The One-Month Zing Challenge:
Join the Zing Staff in Taking Small Steps for Big Change
As a nutritionist, I’m often asked basic questions like, “Which foods should I avoid?” or “Which foods should I eat to feel more energetic?” The answers exemplify a basic tenet of nutrition: small change leads to big gains. As in so many areas of life, a simple tweak to our diet or routine can have profound changes on our health.
With the new year upon us, it’s the perfect opportunity to make a change. At the Zing office, we’re challenging each other to commit to one Zing-approved nutrition tip through all 31 days of January 2020. Please join us, and step into the new year with health and vitality!
1. Avoid soda, juice, energy drinks, and other sugary beverages.
A 12-ounce can of soda contains 39 grams of sugar, while the same amount of apple juice has 33 grams. With no fiber, protein, or fats to slow down the sugar uptake, these beverages spike our blood sugar levels, leaving us tired, hungry, and ironically craving more of the same. While the vitamin C and vitamin A in some juices do have inherent benefits, they do little to ease our elevated sugar levels. If you’re a regular with liquid sugar, try going without for a month and see how you feel!
2. Stop eating white flour products.
Much like sugar, white flour breaks down immediately in our digestive system, spiking our blood sugar and throwing our bodies into a metabolic emergency. The most damaging culprits are sweet baked goods, such as cookies, cakes, muffins, scones, and danishes. However, even crackers and bagels can send our body for a spin. If you want to reduce cravings, hunger, and fatigue, try erasing white flour from your diet for a month. For extra credit, try to avoid all “white” foods, including pasta, rice, and potatoes.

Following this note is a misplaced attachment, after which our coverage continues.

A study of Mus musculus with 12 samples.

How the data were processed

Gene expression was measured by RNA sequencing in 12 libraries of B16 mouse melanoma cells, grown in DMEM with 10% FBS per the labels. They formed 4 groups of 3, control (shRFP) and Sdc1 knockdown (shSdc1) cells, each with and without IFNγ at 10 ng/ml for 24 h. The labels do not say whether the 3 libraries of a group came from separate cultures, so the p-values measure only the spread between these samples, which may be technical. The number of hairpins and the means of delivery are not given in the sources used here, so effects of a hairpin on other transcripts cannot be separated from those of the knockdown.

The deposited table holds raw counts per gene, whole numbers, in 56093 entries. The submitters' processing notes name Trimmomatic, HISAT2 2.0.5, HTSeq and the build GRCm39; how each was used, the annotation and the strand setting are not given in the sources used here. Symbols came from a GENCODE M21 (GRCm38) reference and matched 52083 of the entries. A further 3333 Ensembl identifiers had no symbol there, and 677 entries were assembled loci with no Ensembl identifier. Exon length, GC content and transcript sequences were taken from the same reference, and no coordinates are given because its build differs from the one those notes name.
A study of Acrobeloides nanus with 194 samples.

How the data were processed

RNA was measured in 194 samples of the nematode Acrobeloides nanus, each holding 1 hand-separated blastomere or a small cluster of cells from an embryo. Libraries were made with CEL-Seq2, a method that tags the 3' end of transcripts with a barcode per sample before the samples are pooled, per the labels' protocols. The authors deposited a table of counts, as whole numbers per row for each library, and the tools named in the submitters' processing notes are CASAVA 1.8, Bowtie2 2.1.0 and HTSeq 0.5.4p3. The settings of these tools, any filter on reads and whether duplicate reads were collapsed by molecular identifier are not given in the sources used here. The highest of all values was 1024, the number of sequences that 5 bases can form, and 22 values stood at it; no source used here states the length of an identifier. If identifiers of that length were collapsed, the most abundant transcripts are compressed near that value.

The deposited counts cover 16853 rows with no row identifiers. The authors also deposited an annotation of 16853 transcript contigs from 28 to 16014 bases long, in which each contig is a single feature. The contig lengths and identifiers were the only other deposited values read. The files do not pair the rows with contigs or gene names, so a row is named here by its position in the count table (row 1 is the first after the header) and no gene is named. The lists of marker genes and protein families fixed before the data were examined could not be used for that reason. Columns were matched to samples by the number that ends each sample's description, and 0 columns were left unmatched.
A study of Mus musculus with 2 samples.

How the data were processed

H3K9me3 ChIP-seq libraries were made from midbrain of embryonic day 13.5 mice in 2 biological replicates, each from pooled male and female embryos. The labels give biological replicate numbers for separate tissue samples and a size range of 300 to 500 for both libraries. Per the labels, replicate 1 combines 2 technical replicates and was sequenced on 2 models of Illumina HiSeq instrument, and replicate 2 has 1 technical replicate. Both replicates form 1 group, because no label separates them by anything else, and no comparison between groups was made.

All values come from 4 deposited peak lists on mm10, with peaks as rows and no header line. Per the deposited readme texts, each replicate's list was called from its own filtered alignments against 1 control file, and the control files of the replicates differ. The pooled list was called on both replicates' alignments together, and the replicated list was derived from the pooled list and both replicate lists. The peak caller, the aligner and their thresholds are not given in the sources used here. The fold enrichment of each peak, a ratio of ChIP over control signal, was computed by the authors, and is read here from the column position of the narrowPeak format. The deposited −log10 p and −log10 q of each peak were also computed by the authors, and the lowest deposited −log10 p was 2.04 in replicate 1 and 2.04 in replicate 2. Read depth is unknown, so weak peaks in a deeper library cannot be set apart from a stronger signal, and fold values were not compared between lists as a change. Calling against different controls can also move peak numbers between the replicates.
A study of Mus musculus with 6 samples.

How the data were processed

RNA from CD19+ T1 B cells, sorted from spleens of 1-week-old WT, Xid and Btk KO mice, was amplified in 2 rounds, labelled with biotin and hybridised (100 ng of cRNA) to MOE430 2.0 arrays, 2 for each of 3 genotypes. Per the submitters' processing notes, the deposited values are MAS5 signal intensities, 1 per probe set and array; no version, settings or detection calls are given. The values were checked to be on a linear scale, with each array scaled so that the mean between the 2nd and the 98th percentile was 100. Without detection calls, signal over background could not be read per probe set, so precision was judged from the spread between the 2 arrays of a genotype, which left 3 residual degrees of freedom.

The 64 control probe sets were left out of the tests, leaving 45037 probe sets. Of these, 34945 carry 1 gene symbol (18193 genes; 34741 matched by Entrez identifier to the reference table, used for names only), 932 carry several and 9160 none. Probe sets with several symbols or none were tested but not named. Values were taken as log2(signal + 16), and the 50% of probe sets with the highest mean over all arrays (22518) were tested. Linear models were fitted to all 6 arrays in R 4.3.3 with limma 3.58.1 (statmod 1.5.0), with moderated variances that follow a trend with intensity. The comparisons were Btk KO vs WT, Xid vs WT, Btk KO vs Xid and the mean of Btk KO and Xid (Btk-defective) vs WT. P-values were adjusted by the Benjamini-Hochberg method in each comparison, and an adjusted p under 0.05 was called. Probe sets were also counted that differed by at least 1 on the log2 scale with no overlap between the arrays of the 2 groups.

3. Eliminate hydrogenated oils.
Hydrogenated oils, also known as “trans fats,” are found in margarine, cheaper cooking oils, and many commercially baked goods, such as mass-produced cakes, cookies, and muffins. Since they are “hard” and “sticky,” trans fats interfere with our intercellular exchange of nutrients and expulsion of waste. Even worse, they gum up our cardiovascular system, leading to heart disease. You may not feel an immediate difference in removing these from your diet, but your heart will be thanking you behind the scenes!
4. Don’t eat after 8pm.
When you go to bed on an empty stomach, your body switches into “repair and maintenance,” leaving you clear-headed and energized when you wake up. During this repair and maintenance, your whole system slows down—meaning, if there’s still food to digest it can start to ferment (carbs), putrefy (protein), or rancidify (fat). Do you ever wake up feeling hazy and heavy? Frequently, this is because undigested food has been sitting around in your body all night. Stop eating after 8pm, and be prepared for brighter, clearer mornings in your future!
5. Eat one different brightly colored fruit or vegetable each day.
Of course, we’re not talking about artificially-colored candy or sweets, but a fruit or vegetable with the vibrant greens, blues, purples, reds, oranges, and yellows from their naturally-occurring plant pigments. For example, most orange fruits and vegetables contain disease-fighting carotenoid pigments, like beta-carotene and lycopene. Think about the endless greens, oranges, and yellows you walk by in the produce section of your grocery store. Just one of those a day (for 31 days) will add fiber, antioxidants, and nutrients to your daily diet that will leave you feeling energized!